By Sam Levin
By Sam Levin
By Sam Levin
By Jessica Lussenhop
By Sam Levin
By Timothy Lane
By Sam Levin
By Dennis Brown
The Fox, Powell Symphony Hall and the Sheldon already stood as cultural anchors for Grand Center. But what the district lacked then, it lacks now. In 1988, the first of a series of consultants -- John Bos, of Washington, D.C. -- was hired and had this to say about Grand Center: "People go to the symphony or the Fox, park their automobile in secured parking lots, and then leave the area immediately afterward because there's nothing for them to do."
The consultancy team recommended that housing be built for artists in the district to stimulate the introduction of grocery stores, restaurants, drugstores, art-supply stores and other services. More galleries would emerge, and with them a vibrant cultural scene. (Ruwitch says there are no plans for artist housing in the future, saying it "boils down to economics.")
In 1989, California artist Robert Mangurian was commissioned to create a wooden scale model of the district for $40,000. Weighing about 200 pounds and 5 feet tall at its highest point -- the Continental Building -- the model also came with $42,000 worth of lighting (the money coming from an NEA grant) -- all for Gaddes to present Grand Center Inc.'s vision of the next decade. (It's now "in pieces in Mangurian's office," says Ruwitch. "It was remarkable. I remember going to see it. It was like going through an enormous Lego installation."
In 1990, "art-friendly" condos were designed to be placed in an abandoned two-level parking garage on Washington Avenue. Leon Strauss, who had saved the Fox and was serving as "development consultant" to Grand Center Inc., told the Post-Dispatch, "I think this project fills a need for artists, and will do a lot to add the visual-arts component to Grand Center."
A microbrewery -- what would become the St. Louis Brewery Tap Room -- was being discussed for inclusion on Olive Street. Tom Schlafly, the Tap Room's owner, was looking at the old Wagner Mortuary building, next to the Continental. One of the issues for Schlafly, he says today, was parking. People will pay $5 for parking to see Phantom of the Opera, but that becomes an extravagance if someone's just looking for a beer and a hamburger.
Parking wasn't the only issue with Schlafly. "They wanted us as a tenant," he says. Schlafly would have spent his own money to renovate the property, but Grand Center Inc. would retain ownership. "If we paid for the renovation and the business failed, we were still liable for the rent, and if the business did well, our rent could go up. Part of the decision I made with the current building was that if the business would fail, we would at least own the real estate."
If Grand Center Inc. couldn't make a more suitable deal to invite a successful restaurant business into the district, it could always deliver the visuals. A "laser light canopy" was installed over Grand Center at a cost of $160,000. With plans for the renovation of the Sun Theatre stalled, neon was placed on the facade at a cost of $20,000 (although, at the time, the Black Rep was forced to rent lights for its new theater in the Grandel).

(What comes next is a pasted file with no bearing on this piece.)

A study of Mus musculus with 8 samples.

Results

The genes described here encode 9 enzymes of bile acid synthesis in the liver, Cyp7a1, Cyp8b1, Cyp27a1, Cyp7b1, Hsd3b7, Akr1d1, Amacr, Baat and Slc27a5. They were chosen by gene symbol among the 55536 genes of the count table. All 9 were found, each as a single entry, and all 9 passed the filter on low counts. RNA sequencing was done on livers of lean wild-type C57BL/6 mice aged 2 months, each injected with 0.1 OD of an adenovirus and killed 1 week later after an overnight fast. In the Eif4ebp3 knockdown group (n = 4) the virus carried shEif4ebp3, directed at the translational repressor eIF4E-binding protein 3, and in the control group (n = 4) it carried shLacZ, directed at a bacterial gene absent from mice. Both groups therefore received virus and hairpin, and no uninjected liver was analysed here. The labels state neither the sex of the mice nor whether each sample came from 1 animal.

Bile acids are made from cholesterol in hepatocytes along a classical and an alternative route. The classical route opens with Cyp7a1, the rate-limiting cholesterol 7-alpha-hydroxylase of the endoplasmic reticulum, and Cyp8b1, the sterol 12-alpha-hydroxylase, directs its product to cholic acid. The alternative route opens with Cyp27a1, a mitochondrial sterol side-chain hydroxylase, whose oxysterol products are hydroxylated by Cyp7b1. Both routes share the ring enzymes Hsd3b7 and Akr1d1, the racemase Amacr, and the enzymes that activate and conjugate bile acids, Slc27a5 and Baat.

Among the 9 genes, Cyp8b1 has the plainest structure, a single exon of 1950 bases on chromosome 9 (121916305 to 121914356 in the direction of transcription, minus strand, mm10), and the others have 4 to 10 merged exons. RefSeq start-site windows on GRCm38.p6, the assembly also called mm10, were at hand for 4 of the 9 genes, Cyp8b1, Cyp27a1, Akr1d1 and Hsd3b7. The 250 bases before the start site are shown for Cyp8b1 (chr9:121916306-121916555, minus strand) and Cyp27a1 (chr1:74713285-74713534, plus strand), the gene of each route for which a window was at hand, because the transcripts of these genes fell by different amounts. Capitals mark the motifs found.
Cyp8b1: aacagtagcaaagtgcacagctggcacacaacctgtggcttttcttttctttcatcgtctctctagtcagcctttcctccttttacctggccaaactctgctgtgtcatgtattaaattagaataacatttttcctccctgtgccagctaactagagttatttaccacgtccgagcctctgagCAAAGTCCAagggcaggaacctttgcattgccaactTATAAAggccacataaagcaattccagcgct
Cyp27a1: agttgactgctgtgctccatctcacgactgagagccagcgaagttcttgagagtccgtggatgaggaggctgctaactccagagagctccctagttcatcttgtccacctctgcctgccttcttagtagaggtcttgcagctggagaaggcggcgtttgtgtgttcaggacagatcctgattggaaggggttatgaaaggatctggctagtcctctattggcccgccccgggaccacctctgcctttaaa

Gaddes talked of a renovation of the Medinah Temple to provide much-needed rehearsal space, art classes and other educational programs. In 1993, the first feasibility study for housing on Olive, Grand West, was completed.
Such were the early ambitions of Grand Center, punctuated with gaudy, expensive lighting displays, models and grand schemes -- most of which never made it from concept to reality, or onto Grand Center Inc.'s list of achievements.
For all that didn't materialize, though, there is much that Grand Center Inc. implemented that has improved the district in ways that are not always obvious to anyone who is ignorant of what the area was before. Bruce Coppock, former executive director of the St. Louis Symphony, remembers that sidewalks were just being put in when he first came 10 years ago. Ruwitch, a lifelong visitor to the symphony, says, "I still have visual images of parking down here and climbing over glass and broken sidewalks and weeds because I wanted to go to the concert."
So there's good reason for the sidewalks, the lighting and the "infrastructure" that Grand Center Inc. helped bring to the district to be highlighted in its promotional material.
Grand Center Inc. renovated the former First Congregational Church to create the Grandel Theatre, with James Turrell's "Tilted Plane" adjacent to it. Grand Center Inc. brought the Backstage Bistro into the district. The old Block Bros. Photography Studio was renovated by Grand Center Inc. to create the environmental education center EarthWays. The Portfolio Gallery was renovated by Grand Center Inc. The Forum and RAC moved to Grand Center. Jazz at the Bistro was invited to move to the district from downtown. More and more arts organizations have housed their administrative staff in the Arts Annex for a $1 rental fee.
KETC's move to its new facilities on Olive is Grand Center Inc.'s greatest coup in recent years. The agency demolished the former Beaumont Medical Complex, then took responsibility for an extensive waste cleanup. KETC received the property for $1.